Why Facebook CEO's paternity leave is a big deal

Zuckerberg's paid paternity plan
Zuckerberg's paid paternity plan   

Who benefits when a dad takes two months paid leave?

First, there's the baby, of course. Research shows that men who take paid paternity leave are more likely to be involved with their children in the years to follow. There's some evidence that the leave helps cognitive development, as well. Time to bond with a baby helps the parent decode emotional cues and build a stronger foundation for the baby's mental health.

The partner certainly benefits, especially if it's a woman who's just given birth and who's trying to breastfeed.

But if the dad's name is Mark Zuckerberg, the beneficiaries multiply as quickly as Facebook "likes" for a great cat video. They include Facebook employees, dads in general, and other CEOs — male and female.

A Norwegian study tells us that men are much more likely to take paternity leave if they have a brother or co-worker who took it. The effect is 2.5 times greater if the role model taking leave is a senior manager rather than a co-worker.

The boss taking a leave sends an important message to employees that the company policy is authentic. If the boss is able to be out for a period of time and have his or her work covered, then so can other staff. Zuckerberg's actions imply that Facebook knows the importance of standing behind its family-friendly workplace policies by having a strong leadership team cross-training and a collaborative work style that allows other employees to take on more responsibilities while company leadership is out on leave.

We can't forget to list Mark Zuckerberg among those who will benefit from his leave. He'll experience more of the joys of parenting. And he'll also be a better leader by empowering his employees. Susan Wojcicki, the CEO of YouTube, pointed this out in an op-ed in the Wall Street Journal. As a mother who took maternity leave five times, she said, being a mother "gave me a broader sense of purpose, more compassion, and a better ability to prioritize and get things done efficiently. It also helped me understand the specific needs and concerns of mothers, who make most household spending decisions and control more than $2 trillion of purchasing power in the U.S."

Zuckerberg's high-profile paternity leave reminds us that paid leave isn't a favor to women – it's a better way to run a company. Dads as well as moms want time to be with their loved ones. Being able to take that time makes employees more productive and more attached to their workplace, which is good for the company's bottom line and employee retention.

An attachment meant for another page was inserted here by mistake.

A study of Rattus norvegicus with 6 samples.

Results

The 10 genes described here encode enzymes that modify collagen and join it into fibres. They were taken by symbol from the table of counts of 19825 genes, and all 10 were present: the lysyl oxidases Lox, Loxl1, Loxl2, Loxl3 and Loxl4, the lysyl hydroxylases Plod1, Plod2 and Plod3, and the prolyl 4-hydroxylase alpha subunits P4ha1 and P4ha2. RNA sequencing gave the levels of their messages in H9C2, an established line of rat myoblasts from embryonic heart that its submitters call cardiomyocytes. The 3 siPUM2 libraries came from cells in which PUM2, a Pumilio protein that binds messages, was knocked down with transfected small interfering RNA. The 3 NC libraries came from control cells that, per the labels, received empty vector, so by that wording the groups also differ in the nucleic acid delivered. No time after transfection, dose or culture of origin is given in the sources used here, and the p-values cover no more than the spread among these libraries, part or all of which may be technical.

But we must remember that as a CEO of one of the most successful and influential companies in the world, Zuckerberg has options that many don't. Most fathers don't have access to any leave or can't afford to take the unpaid leave offered. Zuckerberg's paternity leave should serve as a reminder of how far we have to go before all working fathers can afford time off for their loved ones. A recent report says only a third of men take two weeks or more of paternity leave. The single law that the United States has regarding leave, the Family and Medical Leave Act (FMLA), which guarantees unpaid leave for individuals to care for themselves or loved ones, leaves out 40 percent of the workforce. And even those who are eligible often can't afford it.

To make sure all fathers, and all those needing leave, are able to take the kind of time that Zuckerberg is, we need a national paid leave fund – something that pools small contributions to allow workers to draw a significant portion of wages while they're being good parents to their children and good children to their parents. But until we have that, we must look to high-profile leaders like Zuckerberg to lead by example.

Zuckerberg's decision will not only benefit him and his family, but it will have a ripple effect on his employees and other companies and decision makers worldwide. Let's hope legislators and Congress are among those watching so we can pass affordable leave that benefits everyone.

Commentary by Ellen Bravo, the executive director of Family Values @ Work, a national network of coalitions in 21 states working to pass policies like paid sick days and family and medical leave insurance. Follow her on Twitter @Ellen_Bravo.